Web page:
In Grimes v The Trustees of the Essex Farmers and Union Hunt [2017] EWCA Civ 361 the Court of Appeal held that a landlord's notice to quit was invalidly served because it had been delivered to the tenant's old address and not his new address as notified to the landlord.


The main issue in this appeal was whether notice to quit an agricultural holding was validly served on the tenant, Mr Terence Grimes, by his landlords, the Trustees of the Essex Farmers and Union Hunt (the "Landlord").

The facts are straightforward: Mr Grimes had farmed the 121 acre agricultural holding (the "Holding") as tenant of the Hunt under a succession of tenancy agreements. Mr Grimes lived at 24 Glebe Way, Burnham-on-Crouch until October 2005 when he moved to 44 Maple Way. In 2005 his tenancy agreement was renegotiated with two consecutive agreements, each for a three-year term, running until 30 September 2012. Mr Grimes' address in these agreements was recorded as Glebe Way, but when he made the first rental payment in December 2006 Mr Grimes sent a handwritten note to the Landlord advising of his change of address.

On 1 July 2011 the Landlord hand delivered a letter to 24 Glebe Way that gave notice to quit and required Mr Grimes to vacate the Holding by 30 September 2012.

Following unsuccessful negotiations for a new letting to Mr Grimes, the Landlord eventually granted a lease of the Holding to a new tenant with effect from 1 October 2012. Mr Grimes claimed that his tenancy had not been validly terminated on the grounds that the notice had been delivered to his old address and he claimed that he had been wrongfully dispossessed of the Holding and was entitled to damages.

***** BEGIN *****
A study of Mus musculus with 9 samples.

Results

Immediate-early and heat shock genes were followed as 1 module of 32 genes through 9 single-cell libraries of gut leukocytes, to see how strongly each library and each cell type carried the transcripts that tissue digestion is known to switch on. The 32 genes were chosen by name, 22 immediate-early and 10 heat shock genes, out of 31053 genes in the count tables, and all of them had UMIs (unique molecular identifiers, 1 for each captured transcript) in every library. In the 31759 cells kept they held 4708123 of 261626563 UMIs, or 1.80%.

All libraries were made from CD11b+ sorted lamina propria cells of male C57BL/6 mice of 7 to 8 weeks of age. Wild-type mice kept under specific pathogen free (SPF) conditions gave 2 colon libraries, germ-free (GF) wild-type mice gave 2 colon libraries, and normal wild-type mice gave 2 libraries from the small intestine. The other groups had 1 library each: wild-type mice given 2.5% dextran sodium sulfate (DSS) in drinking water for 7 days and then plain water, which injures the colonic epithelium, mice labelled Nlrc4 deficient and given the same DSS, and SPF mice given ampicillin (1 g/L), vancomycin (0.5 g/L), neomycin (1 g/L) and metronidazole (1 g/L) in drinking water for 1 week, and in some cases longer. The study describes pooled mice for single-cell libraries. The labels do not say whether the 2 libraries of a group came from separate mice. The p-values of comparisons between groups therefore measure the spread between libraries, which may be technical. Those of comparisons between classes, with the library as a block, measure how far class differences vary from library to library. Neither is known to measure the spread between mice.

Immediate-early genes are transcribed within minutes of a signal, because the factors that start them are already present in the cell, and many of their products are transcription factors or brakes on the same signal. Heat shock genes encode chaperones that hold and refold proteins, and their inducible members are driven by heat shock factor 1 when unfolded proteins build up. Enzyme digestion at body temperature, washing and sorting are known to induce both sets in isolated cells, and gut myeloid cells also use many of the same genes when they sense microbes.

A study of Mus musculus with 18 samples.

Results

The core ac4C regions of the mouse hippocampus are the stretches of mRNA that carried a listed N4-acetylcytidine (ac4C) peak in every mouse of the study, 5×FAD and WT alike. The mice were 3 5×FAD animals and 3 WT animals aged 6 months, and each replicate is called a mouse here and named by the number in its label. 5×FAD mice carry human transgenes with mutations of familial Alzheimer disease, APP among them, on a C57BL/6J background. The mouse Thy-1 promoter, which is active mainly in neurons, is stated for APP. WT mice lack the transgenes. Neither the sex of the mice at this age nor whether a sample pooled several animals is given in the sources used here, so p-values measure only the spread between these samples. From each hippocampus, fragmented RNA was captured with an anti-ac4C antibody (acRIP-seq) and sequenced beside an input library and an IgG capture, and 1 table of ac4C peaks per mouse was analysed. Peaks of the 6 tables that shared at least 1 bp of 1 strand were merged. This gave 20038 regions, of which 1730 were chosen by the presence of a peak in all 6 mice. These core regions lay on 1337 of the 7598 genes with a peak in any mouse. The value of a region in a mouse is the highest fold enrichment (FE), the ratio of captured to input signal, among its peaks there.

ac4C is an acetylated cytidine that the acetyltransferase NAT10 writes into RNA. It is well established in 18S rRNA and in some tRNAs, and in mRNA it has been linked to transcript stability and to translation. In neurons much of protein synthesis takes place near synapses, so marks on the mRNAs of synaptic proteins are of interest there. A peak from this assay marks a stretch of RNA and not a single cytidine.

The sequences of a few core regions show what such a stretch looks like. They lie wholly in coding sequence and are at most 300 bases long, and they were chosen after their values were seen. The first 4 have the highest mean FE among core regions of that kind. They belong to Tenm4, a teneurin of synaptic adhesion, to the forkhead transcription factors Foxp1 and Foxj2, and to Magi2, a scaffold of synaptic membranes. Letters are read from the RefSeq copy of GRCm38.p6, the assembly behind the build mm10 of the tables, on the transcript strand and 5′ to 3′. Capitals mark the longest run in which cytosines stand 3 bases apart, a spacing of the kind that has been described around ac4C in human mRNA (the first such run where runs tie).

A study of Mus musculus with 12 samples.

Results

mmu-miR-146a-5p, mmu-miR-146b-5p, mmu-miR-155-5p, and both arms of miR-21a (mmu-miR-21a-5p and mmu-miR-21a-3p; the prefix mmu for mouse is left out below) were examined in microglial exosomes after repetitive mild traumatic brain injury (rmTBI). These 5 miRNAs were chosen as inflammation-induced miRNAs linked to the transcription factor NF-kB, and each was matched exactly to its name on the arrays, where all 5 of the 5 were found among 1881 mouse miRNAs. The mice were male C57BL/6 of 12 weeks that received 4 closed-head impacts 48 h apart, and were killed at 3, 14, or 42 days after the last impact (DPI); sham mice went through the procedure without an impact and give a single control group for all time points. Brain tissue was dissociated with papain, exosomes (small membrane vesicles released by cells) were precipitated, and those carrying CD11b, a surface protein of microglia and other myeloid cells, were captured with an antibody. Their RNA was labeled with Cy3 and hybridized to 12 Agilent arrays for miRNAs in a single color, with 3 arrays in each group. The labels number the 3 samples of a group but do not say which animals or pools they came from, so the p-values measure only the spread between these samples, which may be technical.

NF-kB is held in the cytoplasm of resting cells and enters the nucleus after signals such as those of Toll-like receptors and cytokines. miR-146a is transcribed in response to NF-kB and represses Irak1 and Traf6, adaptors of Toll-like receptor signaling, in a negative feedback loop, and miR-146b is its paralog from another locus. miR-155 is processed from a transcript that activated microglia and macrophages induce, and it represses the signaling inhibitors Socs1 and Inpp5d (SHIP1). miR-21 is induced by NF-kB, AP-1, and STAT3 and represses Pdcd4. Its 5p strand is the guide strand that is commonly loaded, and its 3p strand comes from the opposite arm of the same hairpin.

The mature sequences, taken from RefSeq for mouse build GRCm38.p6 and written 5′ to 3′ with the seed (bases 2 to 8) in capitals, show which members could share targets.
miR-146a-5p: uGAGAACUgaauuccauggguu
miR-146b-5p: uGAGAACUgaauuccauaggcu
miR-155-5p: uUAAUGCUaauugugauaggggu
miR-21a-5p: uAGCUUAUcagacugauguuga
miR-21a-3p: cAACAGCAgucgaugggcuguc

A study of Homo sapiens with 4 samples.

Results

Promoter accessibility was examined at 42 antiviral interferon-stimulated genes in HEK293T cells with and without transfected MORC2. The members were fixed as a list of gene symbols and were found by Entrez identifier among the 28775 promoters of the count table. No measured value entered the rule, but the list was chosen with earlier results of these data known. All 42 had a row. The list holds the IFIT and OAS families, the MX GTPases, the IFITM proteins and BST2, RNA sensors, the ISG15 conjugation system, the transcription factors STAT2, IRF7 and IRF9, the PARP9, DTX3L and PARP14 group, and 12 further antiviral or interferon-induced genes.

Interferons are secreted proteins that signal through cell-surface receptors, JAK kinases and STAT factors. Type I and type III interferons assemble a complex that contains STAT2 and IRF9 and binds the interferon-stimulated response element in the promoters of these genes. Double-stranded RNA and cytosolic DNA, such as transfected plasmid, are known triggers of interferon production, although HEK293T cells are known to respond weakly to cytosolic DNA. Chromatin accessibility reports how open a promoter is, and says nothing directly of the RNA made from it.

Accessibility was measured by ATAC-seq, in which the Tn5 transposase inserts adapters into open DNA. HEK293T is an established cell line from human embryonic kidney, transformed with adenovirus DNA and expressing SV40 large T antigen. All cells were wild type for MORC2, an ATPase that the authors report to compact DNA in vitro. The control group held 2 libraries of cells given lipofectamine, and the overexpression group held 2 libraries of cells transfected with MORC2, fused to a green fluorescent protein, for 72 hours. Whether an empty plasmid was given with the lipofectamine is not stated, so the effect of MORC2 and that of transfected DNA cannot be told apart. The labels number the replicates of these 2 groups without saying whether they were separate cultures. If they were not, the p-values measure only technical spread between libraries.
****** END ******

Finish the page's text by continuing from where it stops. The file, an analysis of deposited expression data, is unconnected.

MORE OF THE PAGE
The key issue turned on the true construction of a clause in the tenancy agreement, which provided that: "Either party may serve any notice (including any notice in proceedings) on the other at the address given in the Particulars or such other address as has previously been notified in writing".

First Instance

The Judge took a literal interpretation of the tenancy agreement and found that the notice was valid on the basis that a notice could validly be served either at the address as stated in the agreement or at the address that has previously been notified in writing. Mr Grimes appealed.

Court of Appeal

The Court of Appeal overturned the Judge's decision. It held that the relevant wording has to be considered in the context of the agreement as a whole. If the judge "had approached the question in this way, he would...have realised that the language can naturally be read as providing for an alternative which is not only exclusionary but also substitutive; and that, viewed objectively, this is what the parties must have intended". The Court of Appeal questioned what the point of enabling the tenant to notify the landlord of his new address would be if the landlord could simply disregard it and remained free to serve notice on the tenant at the address given in the Particulars. As a matter of commercial common sense, the parties must have intended that the new address, once duly notified, would supersede the original one shown in the Particulars. The Landlord's notice to quit was therefore invalid and Mr Grimes was awarded damages of £31,500 together with interests and costs.


This decision serves as a useful reminder of the importance of ensuring that notices are served in accordance with the terms of the lease and that the receiving party's address is checked to ensure that, if appropriate, the notice is served on the most up-to-date address available. As a matter of caution, it is always advisable to serve notices on all available addresses to avoid any potential dispute.